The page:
I say this over and over, but the best part of writing, playing, or presenting music is the people you meet along the way. Case in point: The Sweet Potatoes, a fine trio (sometimes quartet) of folks from southern California. We met at the final year of the American River Music Festival, which ran for a decade under the worthy eye of Festival Director Matt Semonson. I had the privilege of hosting the Friday showcase for the final eight years of that festival, and The Sweet Potatoes were one of the “winners” in the last year of the fest in 2016.
The band is Laura Hall (guitar, accordion, vocals), her husband Rick (bass, harmony, harmonica), Kelley Mcleod (vocals and guitar), and quite often Steve Bogard (banjo, dobro, harmonica). Laura and Kelly share songwriting duties and trade off on lead vocals, and Rick fills in on harmony. An interesting aside is that these folks have pretty unique day jobs and backgrounds: Laura is known as the keyboard player on TV’s “Whose Line Is It Anyway?”, Rick is an actor, and Kelly had an earlier life as a hard rock singer – her band “Private Life” was produced by Eddie Van Halen, whom they toured with. The Sweet Potatoes, however, is their passion project, and it shows.
After the 2016 ARMF festival, we kept in touch. Laura ended up playing a gorgeous accordion track for the song “Somewhere I Went Right,” on my new record, “Hey Karma”. And we were determined to get them up our way for a house concert, which we did last month. (Kelly admitted the crowd was smaller than when she opened for Van Halen at Madison Square Garden, but loved how our 30 close pals were definitely a loving and attentive group.)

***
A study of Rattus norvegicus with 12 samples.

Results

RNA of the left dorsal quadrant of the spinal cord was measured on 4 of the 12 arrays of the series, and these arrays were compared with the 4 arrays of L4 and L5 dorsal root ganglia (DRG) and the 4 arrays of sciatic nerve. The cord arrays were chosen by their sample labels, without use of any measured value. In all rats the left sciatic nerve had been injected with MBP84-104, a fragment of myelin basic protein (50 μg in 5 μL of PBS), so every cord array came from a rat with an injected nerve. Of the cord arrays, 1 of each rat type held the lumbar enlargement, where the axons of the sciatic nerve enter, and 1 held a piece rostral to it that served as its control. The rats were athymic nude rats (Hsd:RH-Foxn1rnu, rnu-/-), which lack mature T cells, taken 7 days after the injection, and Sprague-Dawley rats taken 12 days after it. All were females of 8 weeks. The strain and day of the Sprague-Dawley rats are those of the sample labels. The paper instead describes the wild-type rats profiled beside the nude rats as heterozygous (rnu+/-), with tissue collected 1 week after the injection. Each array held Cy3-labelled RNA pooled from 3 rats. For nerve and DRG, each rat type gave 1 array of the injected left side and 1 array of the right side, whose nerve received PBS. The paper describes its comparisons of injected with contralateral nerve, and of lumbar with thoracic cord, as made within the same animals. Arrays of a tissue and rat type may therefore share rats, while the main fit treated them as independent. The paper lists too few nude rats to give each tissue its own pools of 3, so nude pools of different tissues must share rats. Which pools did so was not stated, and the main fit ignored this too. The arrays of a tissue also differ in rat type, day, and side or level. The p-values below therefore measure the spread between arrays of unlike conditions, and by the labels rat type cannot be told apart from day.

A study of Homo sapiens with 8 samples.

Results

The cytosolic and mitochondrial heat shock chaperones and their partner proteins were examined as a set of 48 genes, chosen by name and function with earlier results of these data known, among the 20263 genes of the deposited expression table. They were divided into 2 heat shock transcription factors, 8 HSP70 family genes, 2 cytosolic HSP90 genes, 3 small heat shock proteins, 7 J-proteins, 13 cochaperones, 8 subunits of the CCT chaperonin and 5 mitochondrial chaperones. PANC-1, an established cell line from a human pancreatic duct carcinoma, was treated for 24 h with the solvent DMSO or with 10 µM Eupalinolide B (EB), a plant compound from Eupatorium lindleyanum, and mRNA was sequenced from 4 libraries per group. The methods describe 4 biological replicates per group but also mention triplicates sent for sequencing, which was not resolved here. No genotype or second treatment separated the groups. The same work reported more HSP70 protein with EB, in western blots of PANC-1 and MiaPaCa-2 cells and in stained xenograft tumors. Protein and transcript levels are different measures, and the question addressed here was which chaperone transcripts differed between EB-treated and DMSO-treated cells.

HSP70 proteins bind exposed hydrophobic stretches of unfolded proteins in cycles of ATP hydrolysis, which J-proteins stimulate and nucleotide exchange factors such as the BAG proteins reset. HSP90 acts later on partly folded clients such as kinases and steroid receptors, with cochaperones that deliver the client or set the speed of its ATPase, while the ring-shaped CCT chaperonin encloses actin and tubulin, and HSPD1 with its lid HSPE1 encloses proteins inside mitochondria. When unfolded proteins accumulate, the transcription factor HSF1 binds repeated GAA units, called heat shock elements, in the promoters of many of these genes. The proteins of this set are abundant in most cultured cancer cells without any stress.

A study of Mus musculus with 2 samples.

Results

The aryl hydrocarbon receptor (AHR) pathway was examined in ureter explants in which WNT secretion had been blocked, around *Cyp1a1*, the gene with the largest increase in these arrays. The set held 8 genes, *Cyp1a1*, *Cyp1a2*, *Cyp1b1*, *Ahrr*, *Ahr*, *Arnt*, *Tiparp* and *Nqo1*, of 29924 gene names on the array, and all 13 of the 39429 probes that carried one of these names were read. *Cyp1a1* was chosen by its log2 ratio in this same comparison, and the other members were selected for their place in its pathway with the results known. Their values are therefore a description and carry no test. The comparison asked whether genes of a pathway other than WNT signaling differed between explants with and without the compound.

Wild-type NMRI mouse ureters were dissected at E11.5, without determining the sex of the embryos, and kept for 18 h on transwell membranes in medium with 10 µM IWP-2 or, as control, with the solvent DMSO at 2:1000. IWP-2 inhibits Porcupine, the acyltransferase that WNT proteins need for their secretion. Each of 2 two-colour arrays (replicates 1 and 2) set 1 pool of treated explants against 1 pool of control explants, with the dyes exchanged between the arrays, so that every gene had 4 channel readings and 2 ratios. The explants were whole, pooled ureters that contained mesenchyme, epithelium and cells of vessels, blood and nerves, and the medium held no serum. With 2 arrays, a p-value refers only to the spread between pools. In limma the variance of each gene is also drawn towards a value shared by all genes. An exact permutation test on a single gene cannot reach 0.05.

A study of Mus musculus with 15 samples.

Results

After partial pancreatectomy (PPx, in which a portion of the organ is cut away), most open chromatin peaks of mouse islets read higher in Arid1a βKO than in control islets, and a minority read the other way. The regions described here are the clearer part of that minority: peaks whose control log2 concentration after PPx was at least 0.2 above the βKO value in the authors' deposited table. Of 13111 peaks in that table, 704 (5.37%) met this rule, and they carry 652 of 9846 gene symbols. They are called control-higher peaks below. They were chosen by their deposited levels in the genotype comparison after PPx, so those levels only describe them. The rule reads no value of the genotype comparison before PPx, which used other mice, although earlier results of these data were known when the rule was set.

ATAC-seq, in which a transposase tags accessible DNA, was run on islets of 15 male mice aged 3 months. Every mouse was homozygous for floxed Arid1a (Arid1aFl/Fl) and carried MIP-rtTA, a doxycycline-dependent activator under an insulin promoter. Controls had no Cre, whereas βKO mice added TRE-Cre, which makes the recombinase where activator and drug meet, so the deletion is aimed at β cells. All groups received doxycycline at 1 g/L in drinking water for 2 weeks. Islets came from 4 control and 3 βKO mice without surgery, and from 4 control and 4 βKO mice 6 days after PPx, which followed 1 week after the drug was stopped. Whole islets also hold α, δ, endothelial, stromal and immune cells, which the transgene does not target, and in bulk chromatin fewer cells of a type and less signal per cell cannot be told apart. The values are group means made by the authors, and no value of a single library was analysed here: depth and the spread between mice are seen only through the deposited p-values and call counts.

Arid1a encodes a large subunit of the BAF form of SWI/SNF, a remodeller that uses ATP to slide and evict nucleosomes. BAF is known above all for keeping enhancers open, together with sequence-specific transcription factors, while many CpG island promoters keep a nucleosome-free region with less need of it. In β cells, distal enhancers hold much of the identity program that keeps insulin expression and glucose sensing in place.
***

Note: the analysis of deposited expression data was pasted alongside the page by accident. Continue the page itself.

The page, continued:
We did the podcast chat the following morning. This episode features “”Without You” and the Fleetwood Mac cover “Second Hand News” off their new release, “Headin’ Home,” as well as a live performance of “Home,” also from the new record. Great songs, great harmonies, and highly recommended.
In Memoriam: This episode is dedicated to the late, wonderful Wesley Robertson, whom we unexpected lost last weekend. Wesley was a champion supporter of independent music, broadcasting his weekly “Rockin’ and Stompin'” at KVMR in Nevada City, along with live remotes from festivals throughout northern California. But he was so more than that. Wesley was a connector, an incredible human whose passion for music spilled over into people in general, creating a very special (and huge) tribe of incredible people along the way. It’s hard to imagine a world without him.